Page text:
The Mobbing Crowd

It is not uncommon to see a group of crows or mockingbirds chasing a hawk or eagle, or a group of songbirds fluttering and calling around a perched owl. Such “mobbing” behavior is probably the most frequently observed overt antipredator strategy among birds. A predator may be mobbed regardless of whether it is in flight, on the ground or in vegetation. Birds attacking a perched or ground predator always give loud alarm calls and may make physical contact. Flying birds of prey are attacked by swooping down at a steep angle from above and behind, and emitting alarm calls. Sometimes contact is made with bill or feet. Nevertheless, the exact purpose of such noisy group demonstrations remains a matter of some debate.
Mobbing behavior has many functions. The most obvious would be to protect the young in the nest during the nesting season. Other times of the year smaller birds can simply move away from an invading predator, but in the spring, most birds have set up a territory and they are obliged to defend it.  Predators often rely on surprise to succeed. When a predator is discovered, birds will blow its cover by the loud alarm calls. This will alert other birds to the presence of a predator, and reduce its chances of success.

Careful experiments have shown that birds can learn from each other which predators to mob (indeed, one bird in an experiment was taught by another to “mob” a many-colored plastic bottle, although the mobbing was halfhearted). Therefore one function of mobbing may be educational — to teach young birds the identity of the enemy. Another may be to alert other birds to the presence of the predator, either getting them to join in the mobbing or protecting them, since a predator is unlikely to be able to sneak up on an alert victim. The original mobber may benefit directly by the predator being moved along or indirectly if the protected birds are its kin.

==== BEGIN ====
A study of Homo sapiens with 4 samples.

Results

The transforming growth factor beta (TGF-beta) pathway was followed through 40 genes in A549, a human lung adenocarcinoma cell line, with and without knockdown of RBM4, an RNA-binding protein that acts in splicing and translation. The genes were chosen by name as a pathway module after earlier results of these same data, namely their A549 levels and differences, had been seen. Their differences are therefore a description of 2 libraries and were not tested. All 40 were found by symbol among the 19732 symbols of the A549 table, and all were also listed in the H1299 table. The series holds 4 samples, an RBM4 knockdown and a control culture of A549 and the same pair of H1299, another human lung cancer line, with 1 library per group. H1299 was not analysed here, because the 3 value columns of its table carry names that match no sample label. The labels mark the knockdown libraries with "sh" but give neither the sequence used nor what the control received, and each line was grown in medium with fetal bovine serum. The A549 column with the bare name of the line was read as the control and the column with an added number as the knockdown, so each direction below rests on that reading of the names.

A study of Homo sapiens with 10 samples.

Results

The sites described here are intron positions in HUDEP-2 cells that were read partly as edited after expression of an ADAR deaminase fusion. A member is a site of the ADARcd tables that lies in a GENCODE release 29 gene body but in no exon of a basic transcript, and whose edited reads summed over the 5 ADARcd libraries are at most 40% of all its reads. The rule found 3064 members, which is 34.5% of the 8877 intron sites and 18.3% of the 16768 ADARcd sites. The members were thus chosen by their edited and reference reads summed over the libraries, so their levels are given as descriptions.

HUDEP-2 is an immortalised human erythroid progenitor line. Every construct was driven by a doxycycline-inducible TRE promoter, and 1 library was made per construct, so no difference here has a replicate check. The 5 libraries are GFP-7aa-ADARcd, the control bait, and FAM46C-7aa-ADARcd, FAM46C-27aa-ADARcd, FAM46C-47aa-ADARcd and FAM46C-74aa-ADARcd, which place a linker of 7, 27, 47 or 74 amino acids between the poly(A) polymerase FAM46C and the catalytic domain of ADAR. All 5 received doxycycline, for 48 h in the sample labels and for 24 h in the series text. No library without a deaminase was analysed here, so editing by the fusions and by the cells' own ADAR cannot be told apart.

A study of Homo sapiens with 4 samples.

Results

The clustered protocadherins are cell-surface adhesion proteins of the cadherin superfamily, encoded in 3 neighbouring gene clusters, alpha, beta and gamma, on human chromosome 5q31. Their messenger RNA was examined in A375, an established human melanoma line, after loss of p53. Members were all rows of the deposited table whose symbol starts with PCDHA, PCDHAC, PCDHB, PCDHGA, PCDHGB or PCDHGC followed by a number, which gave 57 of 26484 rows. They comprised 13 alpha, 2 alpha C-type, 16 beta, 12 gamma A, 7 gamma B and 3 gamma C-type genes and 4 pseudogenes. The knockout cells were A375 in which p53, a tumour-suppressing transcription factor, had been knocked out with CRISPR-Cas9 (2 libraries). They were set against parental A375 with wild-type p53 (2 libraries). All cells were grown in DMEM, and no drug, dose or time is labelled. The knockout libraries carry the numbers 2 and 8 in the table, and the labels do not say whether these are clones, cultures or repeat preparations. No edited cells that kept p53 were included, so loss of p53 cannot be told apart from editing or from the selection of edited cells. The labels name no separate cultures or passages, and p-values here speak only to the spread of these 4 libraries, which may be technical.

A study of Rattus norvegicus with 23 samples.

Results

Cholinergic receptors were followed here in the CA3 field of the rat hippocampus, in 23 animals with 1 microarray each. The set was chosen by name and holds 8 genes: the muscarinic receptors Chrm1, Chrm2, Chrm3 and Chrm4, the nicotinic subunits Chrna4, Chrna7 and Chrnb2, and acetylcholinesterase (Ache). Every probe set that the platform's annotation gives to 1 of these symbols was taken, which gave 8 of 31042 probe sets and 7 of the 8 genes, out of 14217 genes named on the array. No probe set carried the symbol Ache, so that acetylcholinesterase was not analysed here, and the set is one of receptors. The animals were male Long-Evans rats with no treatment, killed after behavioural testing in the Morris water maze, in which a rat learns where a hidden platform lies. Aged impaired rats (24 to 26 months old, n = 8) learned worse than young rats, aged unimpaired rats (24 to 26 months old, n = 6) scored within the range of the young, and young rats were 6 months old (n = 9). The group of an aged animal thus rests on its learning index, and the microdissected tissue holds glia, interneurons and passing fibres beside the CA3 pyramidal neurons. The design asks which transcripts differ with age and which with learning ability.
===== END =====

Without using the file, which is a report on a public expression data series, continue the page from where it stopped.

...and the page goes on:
It is not clear why predators don’t simply turn on their tormentors and snatch up one or two of the mobbing birds. If they did, presumably mobbing would quickly disappear; that it persists suggests that surprise is an essential element in raptor hunting. One theory proposes that hawks become used to it and harassment simply becomes part of their life. It is going to happen no matter what, so they might as well try not to fight it. Also, there is little reason for the hawks to fly away because they are bound to end up in some other bird’s territory and will have to listen to those new birds scream in their face. Large hawks are rarely quick enough to actually catch a small bird. Seldom do we see birds mobbing the smaller, quicker hawks. Small hawks can easily catch songbirds and would love to have the little birds visit them for lunch. So the small hawks are wisely avoided by most birds. The birds, instead, turn their attention to the less threatening larger hawks.
Last summer a Red-Tailed Hawk we called Adell was released at the Nature Preserve by Raptor Rehabilitation of Kentucky, Inc. As soon as she flew up into a tree, the mockingbirds immediately arrived loudly proclaiming the presence of a new predator. She was only a young hawk, and probably not a very good hunter at the time, but the mockingbirds didn’t give her much of a chance.
The good news is that Adell is still at the Preserve. We have seen her flying around several times in the last few weeks. You can recognize her by the deep rusty color of her breast, which is rather unusual for Red-Tailed Hawks. Next time you see a hawk circling around or perched in a tree, look to see if it’s Adell!